Mac Engel

How much longer will the Gary Patterson show last at TCU?

There will never be another Bill Snyder, and the man’s “young apprentice” is neither quite as young, but he is now The Master.

Horrendous Star Wars analogies aside, the retirement of Bill Snyder from Kansas State as head football coach leaves Gary Patterson as college football’s remaining Purple Wizard, not of the plains but the prairie.

TCU’s Wizard is now the second-longest tenured football coach in America, second only to Iowa’s Kirk Ferentz. Ferentz was hired in 1999, and Gary followed him the next year at TCU.

As TCU will do its part on day one of Big 12 Media Days at Jerry’s Night Club on Monday, the quiet question for the school is how much longer can this all go?

Those close to GP have started to wonder, aloud, that their favorite coach simply has aspirations for a life after being a head football coach. Others, specifically at TCU, are quite certain he will coach until 3034, because he doesn’t know what else to do.

The TCU admins want him for as long as he wants, but few of the higher ups at the school know there will be a day when his presence is that statue. There is no escape plan or coach in waiting, but merely a willingness to acknowledge the obvious, that even the most successful periods in history have a conclusion.

Gary has intimated he has no interest in following Snyder’s path; Snyder retired after the 2018 season, for the second time, at the age of 79.

Snyder’s exit, both of them, were more sad than they were a celebration for a person who deserved it.

Patterson is a young 59. For a point of reference, Alabama’s Nick Saban is 67.

Gary is in good health and can easily go another eight years. The question is if he wants to, and whether he has the necessary energy to keep TCU relevant.


Watching Patterson address the Fort Worth Chamber of Commerce lunch crowd at Amon G. Carter Stadium last week, he has the look of a man who is comfortable in his own skin, and is secure in his job. He enjoys being Gary Patterson.

Why would he not? He has built a life that he likely could never have envisioned. He has made more money than a poor kid from Nowhere, Kansas could have conceived. And, when Fame visits, you don’t want her to leave.

So he may never win a national title ... so what? He won the Rose Bowl at TCU. That’s harder than winning a national title.

He is coming off a 7-6 season where he was praised for one of the best coaching performances of his career. It was. How many power programs does a 7-6 record, and a win in the Cheese Crackers Bowl, result in high praise?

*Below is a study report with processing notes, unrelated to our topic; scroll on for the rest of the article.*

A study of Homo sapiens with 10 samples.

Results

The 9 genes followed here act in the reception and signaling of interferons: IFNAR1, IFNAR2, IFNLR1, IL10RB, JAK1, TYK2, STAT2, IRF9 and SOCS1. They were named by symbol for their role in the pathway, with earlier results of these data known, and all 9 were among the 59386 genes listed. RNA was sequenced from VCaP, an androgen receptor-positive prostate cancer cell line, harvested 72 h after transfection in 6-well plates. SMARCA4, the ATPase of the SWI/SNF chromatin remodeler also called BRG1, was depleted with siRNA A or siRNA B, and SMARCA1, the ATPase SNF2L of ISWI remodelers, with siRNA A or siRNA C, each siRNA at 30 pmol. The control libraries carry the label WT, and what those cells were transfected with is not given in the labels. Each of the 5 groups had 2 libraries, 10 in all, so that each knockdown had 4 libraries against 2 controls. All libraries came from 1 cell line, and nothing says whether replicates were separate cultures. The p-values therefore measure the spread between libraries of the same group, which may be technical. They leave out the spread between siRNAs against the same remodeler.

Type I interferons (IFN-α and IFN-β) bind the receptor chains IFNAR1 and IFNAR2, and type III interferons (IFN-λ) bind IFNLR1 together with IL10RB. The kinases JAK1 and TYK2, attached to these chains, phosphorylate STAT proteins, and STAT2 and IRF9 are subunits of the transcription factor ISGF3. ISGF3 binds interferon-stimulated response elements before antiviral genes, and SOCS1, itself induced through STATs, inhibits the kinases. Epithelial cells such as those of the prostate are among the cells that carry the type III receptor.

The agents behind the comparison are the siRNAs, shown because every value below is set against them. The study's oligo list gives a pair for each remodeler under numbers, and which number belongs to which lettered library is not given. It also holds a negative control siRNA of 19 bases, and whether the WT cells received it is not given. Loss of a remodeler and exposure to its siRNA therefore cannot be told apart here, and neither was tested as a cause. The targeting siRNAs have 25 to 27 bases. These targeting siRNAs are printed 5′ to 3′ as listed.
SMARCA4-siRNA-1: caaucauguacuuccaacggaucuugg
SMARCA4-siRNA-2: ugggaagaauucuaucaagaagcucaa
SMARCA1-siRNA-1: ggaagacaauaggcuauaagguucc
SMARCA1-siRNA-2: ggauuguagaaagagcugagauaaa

Much like Snyder’s impact at Kansas State, no equation exists to accurately assess GP’s value to TCU. Or even to Fort Worth.

Eventually, however, an increasing number of coaches in this era grow too tired of the kids. Their parents. The media. The fans. The boosters. The alums. The strain of the job.

They tend to fantasize about retirement, without acknowledging they need the job more than the job needs them. They certainly don’t need the money.

There is a reason why former Oklahoma coach Bob Stoops is now the head coach of the XFL franchise that will begin play in Arlington next year. He was bored.

TCU, however, is not OU. TCU may be the one exception in that it needs GP more than GP needs them.

He is acutely aware of that, and the responsibility he feels to the school, and specifically for his staff. For while his language towards his coaches during practice, or a game, may not be full of love, if they work he takes care of them.

There is a reason why his staff has had such little turnover despite such a remarkable run of success. He can be a bear in season, but the staffers can live, and provide, a good quality of life while coaching college football.


For as awkward as he was in front of a camera when he took the job, Patterson has become the media darling. His success on camera was almost was unforeseen as his success as a head coach.

When ESPN produced the “Coaches’ Room” during the 2017 national title telecast, which featured a handful of head coaches talking about the game in real time, Gary stole the room.

Now that he has the command of his voice, and is camera comfortable, he is a skilled teacher of the game. He would be, or will be, attractive as an analyst.

He has said before he would not mind being a defensive coordinator, or defensive analyst, in the future.

The awkward truth for TCU is that its future is not necessarily here, but everyone can see it’s coming. Because he has talked about it, and romanticized the idea.

When Bill Snyder retired for the final time, the remaining Purple Wizard is Gary Patterson, and he’s made it perfectly clear he does not want to be another Bill Snyder.